A mutual fund may have a promising performance history but that does not guarantee handsome returns in future. This is what regulators and financial planners often stress on. Selection of a mutual fund should be on the basis of many factors, such as financial goals, risk, net asset value and expense ratio. Performance history - or data that determines how much a mutual fund has grown so far - is only one aspect and should not be the only criteria while picking a mutual fund, say experts.
While features such as return history (performance) and net asset value (NAV) only describe a mutual fund's existing value and growth, an investor can use these as starting points for due research when comparing different funds.
"Although past performance is independent of future returns, it, however, establishes a track record," said Rahul Agarwal, director, Wealth Discovery/EZ Wealth. Funds with consistent superlative performance in comparison to the markets can be considered to be better managed and do raise confidence in the fund manager's ability in navigating markets and economic cycles successfully, he added.
How to interpret past performance of a mutual fund
1. Compare over long term: Experts often advise that a mutual fund's performance history be studied from a longer-term perspective. "Five year and ten-year performance is a good metric to look at...any duration lower than that does not do justice to the fund's evaluation," said Mr Agarwal.
2. Compare with benchmark: Another key aspect to look at when analyzing past performance is to evaluate the performance of the fund against a benchmark and its peers.
3. Longevity of the fund manager: In addition to past performance, longevity of the fund manager with mutual fund can also be considered. Let's say a fund manager chooses to exit a particular fund with strong performance history. In such a case, the future returns may be affected in the short term, experts say.
"In the market there are good funds, which have a sound investment thesis and a professional management. Then there are funds with sound investment idea but less then optimal professional management and this fact is well reflected in the past performance of the fund," said Mr Agarwal.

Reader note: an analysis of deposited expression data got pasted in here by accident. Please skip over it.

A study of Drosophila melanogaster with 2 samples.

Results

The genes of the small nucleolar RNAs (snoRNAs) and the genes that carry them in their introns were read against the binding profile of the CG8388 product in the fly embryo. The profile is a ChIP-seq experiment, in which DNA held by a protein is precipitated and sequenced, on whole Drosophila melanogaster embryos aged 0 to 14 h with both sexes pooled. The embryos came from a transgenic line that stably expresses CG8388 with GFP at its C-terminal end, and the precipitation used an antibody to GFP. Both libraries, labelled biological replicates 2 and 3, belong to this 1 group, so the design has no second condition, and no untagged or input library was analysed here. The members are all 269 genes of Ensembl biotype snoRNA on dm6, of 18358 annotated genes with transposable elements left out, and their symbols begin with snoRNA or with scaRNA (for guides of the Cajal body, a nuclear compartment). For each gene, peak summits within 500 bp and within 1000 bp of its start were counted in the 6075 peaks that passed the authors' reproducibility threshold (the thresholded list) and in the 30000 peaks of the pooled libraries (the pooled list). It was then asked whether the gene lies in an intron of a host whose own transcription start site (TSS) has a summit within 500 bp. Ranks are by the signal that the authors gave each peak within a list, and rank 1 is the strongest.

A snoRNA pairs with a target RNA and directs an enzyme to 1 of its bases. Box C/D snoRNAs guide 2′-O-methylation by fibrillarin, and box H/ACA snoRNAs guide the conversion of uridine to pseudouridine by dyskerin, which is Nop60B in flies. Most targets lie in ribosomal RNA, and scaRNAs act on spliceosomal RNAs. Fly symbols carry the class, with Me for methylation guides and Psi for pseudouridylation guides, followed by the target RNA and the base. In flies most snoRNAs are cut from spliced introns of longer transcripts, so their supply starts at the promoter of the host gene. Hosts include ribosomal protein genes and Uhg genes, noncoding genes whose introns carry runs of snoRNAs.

How to interpret NAV of a mutual fund
Mutual funds are sold and purchased in units. Net Asset Value or NAV is nothing but the price of one unit of a mutual fund. For example, let's say someone is looking to invest a sum of Rs 1,000 in each of two mutual funds: one with an NAV of Rs 100 and the other with Rs 200. He or she will be able to purchase 10 units of the first mutual fund and five units of the other. As mandated by market regulator Sebi, funds publish their NAVs after deducting the total expenses on a daily basis. NAV is calculated on a daily basis on all business days when the underlying exchange is open, says Prasanna Pathak, fund manager-equity, Taurus Mutual Fund.
How NAV is calculated
NAV is arrived at in this way: the total value of all the assets in a portfolio, minus all its liabilities divided by the total number of units. Net assets are determined by adding the market value of the fund's investments into the current assets and deducting current liabilities.
In other words, it means that the percentage return from the same mutual fund can vary depending on the timing of investment.
"Mutual fund returns are subject to market movements which directly leads to changes in the NAV. There can indeed be a difference in returns for an investor buying units at different times depending upon the price of purchase and price of exit/selling," added Mr Pathak.
That is why it is advisable to observe a mutual fund's return over a long period, say experts.